Welcome to the latest addition to the It Still Takes a Village – Working in Baby Loss Interview Series where we take a closer look at those who dedicate their day to day to preventing baby loss and supporting those affected. You can read more interviews, here.

One subject that is slowly getting more shared about is termination of pregnancy. On the many sides of the coin that there is to this topic, there is a lot happening – whether its awareness, debate, improved care, or even public votes on the matter across the world. Whatever the circumstances, people still sit at the centre of it all – whether its the family involved, or those caring for them. I was really pleased to be approached by Abigail with this submission, as with everything I do, I try and seek diversity and inclusion as much as possible. Meet Abigail…


I am a midwife, and I have worked for BPAS (British Pregnancy Advisory Service) providing abortion care for five years. I look after women who are ending pregnancies for a variety of reasons. I have had lots of experience of looking after women and their families who have chosen to end a pregnancy due to an antenatal diagnosis. These women may have been offered late medical terminations via the NHS but feel unable to cope with the trauma that they associate with that. 


“If women feel they have experienced substandard care or not been treated with respect, there seems to be precious little external support available.”


What are you currently working on? Is there a particular project or aim that you’d like to share with people.

There are a few things that I am focusing on, the most obvious being encouraging and empowering women to access abortion care without stigma. This is a long journey, but there are certainly steps to progress being made! On a day to day basis, my primary focus is purely to ensure that any woman accessing our service is provided with the highest possible quality of care and support, with non judgemental and evidence based information to enable her to name an informed choice about her future. 


What motivated you to do the job/role that you are doing now?

I love my job. I am so proud to work within a setting that radiates respect and empowerment (a recent visiting student midwife said our clinic was “the most women centred place” she had ever been). My personal motivation comes from an understanding of the importance of receiving the best possible care in times of emotional and physical pain.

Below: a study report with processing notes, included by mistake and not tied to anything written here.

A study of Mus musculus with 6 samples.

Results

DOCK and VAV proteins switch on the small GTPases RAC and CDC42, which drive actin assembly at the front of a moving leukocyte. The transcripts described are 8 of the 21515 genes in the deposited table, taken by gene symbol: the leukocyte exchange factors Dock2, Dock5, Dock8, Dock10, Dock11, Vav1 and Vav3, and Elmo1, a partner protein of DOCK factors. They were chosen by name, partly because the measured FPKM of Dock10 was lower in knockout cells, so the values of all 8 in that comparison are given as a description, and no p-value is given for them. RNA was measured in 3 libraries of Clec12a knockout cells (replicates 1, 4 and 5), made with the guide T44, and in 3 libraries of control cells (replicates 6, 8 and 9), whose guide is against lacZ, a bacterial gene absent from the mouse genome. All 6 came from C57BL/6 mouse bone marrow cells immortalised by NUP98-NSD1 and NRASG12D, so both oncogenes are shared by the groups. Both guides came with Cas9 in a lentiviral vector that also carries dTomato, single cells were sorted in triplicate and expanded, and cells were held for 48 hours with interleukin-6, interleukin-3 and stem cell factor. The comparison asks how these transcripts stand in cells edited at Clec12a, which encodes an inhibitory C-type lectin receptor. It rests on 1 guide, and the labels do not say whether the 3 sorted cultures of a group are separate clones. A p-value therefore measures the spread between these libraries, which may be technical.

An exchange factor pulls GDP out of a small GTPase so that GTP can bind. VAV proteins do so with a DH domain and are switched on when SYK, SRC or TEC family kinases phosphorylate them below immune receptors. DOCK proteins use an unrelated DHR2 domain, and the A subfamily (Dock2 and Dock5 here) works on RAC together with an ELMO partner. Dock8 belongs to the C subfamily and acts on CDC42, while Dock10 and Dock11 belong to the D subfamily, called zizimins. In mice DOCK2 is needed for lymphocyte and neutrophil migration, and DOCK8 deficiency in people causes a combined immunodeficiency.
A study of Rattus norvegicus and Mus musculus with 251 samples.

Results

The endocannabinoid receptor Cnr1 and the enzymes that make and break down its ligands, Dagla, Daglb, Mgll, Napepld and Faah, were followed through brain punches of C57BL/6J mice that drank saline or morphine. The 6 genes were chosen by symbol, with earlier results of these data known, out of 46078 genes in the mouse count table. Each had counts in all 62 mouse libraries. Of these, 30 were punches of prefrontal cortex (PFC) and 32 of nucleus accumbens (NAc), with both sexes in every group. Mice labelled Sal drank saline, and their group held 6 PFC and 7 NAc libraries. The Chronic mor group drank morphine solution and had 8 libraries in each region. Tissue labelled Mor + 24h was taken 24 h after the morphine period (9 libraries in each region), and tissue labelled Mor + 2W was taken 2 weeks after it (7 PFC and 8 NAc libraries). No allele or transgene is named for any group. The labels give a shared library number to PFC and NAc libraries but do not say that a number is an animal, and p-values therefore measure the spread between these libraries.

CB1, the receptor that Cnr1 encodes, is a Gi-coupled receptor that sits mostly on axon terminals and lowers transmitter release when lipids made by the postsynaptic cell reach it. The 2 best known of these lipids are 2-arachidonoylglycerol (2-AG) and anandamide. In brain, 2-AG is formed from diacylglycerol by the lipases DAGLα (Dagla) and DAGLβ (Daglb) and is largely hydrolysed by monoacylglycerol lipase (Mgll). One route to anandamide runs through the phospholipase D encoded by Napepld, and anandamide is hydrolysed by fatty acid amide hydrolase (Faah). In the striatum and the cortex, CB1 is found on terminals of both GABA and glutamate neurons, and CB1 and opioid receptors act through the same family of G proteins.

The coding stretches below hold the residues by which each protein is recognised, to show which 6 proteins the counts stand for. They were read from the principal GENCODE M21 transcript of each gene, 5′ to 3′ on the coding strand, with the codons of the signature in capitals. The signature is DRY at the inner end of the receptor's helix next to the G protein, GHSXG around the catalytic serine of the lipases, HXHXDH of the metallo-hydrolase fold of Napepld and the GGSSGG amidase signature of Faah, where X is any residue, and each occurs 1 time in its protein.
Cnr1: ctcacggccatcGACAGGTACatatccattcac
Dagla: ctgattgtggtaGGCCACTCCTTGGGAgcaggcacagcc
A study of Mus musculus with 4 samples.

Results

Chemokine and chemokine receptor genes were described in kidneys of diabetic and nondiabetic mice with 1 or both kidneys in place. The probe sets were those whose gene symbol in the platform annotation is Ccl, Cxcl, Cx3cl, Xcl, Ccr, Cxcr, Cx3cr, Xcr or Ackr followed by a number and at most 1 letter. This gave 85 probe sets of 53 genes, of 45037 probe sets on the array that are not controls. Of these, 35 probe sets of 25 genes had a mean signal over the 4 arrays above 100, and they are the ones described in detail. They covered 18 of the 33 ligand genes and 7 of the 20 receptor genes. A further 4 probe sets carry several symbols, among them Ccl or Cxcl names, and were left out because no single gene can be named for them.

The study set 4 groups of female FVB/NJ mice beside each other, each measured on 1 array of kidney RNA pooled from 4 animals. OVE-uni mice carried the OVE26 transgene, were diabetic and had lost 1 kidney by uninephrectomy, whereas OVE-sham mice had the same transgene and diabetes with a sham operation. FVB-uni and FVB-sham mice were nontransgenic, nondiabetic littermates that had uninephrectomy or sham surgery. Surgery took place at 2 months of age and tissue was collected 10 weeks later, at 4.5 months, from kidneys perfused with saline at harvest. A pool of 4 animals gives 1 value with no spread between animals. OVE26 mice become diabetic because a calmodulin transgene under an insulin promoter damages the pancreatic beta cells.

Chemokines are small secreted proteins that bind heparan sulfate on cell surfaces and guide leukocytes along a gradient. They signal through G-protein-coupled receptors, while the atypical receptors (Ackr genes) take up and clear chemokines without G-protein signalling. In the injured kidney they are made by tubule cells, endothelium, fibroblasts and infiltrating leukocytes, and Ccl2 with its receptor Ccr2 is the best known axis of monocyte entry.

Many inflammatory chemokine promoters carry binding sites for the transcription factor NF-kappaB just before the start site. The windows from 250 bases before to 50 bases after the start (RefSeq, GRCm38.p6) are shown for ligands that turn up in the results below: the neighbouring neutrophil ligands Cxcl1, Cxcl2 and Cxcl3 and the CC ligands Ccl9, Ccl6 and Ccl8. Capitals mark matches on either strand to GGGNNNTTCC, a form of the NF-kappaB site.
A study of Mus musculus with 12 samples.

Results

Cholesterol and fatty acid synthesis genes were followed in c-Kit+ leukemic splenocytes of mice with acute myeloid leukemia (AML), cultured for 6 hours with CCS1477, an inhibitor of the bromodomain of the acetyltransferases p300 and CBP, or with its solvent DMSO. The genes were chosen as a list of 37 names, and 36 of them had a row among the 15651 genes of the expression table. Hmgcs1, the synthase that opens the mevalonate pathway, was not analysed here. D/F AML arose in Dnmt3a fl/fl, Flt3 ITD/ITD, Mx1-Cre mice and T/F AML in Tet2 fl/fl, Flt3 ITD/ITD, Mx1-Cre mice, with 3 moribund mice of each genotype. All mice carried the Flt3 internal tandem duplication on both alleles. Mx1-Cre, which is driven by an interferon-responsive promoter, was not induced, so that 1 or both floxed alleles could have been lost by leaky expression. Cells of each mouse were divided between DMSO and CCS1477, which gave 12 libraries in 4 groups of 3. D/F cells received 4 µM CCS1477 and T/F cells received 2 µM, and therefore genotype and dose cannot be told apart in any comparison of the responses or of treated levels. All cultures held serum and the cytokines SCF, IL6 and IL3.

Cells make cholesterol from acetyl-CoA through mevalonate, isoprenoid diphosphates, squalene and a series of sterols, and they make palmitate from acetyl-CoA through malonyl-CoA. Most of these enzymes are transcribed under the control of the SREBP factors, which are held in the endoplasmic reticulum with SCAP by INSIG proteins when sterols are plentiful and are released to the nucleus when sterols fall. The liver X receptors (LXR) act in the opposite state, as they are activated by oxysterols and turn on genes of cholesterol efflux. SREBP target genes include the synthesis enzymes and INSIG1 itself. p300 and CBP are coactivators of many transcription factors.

“No matter what the reason for ending a pregnancy, the way you are made to feel at the time is likely to stay with you forever, we must get it right.”


In what ways does your current job/role allow you to get involved in the baby loss cause?

We encourage women to talk about their births, it is widely acknowledged that to share your positive birth story is empowering both to you and the people you share it with. Likewise, after a traumatic birth or loss debriefing and counselling are encouraged. Where can women go to talk about their abortion? If women feel they have experienced substandard care or not been treated with respect, there seems to be precious little external support available. Therefore, I believe that it is vitally important to get this area of care provision right, ensuring that women and their support networks (should they have them) receive the very highest quality of care from the outset. No matter what the reason for ending a pregnancy, the way you are made to feel at the time is likely to stay with you forever, we must get it right. 




Who else do you work alongside in terms of baby loss support or prevention? Are there any charities that support you, or perhaps a colleague/volunteer that you couldn’t manage without? 

I work closely with many screening midwives, counsellors and I often recommend ARC and SANDS to the couples I look after. 


Do you think that Baby Loss is still a taboo, and if so, why? Do you encounter issues with it being a taboo in your day to day work?

I think that social media has been an amazing tool in increasing awareness and openness for discussions around baby loss. There is clearly still work to be done, but I feel the direction is generally positive. Here at BPAS, the biggest aspect we encounter is protestors, who can set up outside clinic and target women and families at such a vulnerable time of their lives. Women who are often already upset, or feeling guilty, can find the presence of these strangers most disturbing, and it only serves to make a difficult day even harder. Families who have made decisions about their pregnancy due an antenatal diagnosis often feel that the protestors have no understanding or compassion for their personal plight, and enter the clinic even more distraught than they already were.

Our team endeavours to support every woman who accesses the service in the same way, but we are acutely aware that often those who are terminating pregnancies after a diagnosis of foetal abnormality require a different approach, and we aspire to understand their individual circumstances, and deliver the client centred care they deserve.


Is there anything else that you’d like to add?

I am proud to say that I support women and their families throughout these times in their lives, and I know that all my colleagues feel the same way.


You can find out more about BPAS here

Website | Twitter | Facebook


it takes a village

This blog post is part of an ongoing spotlight on those working in baby loss. To read more from It Still Takes a Village series, visit the hub page here.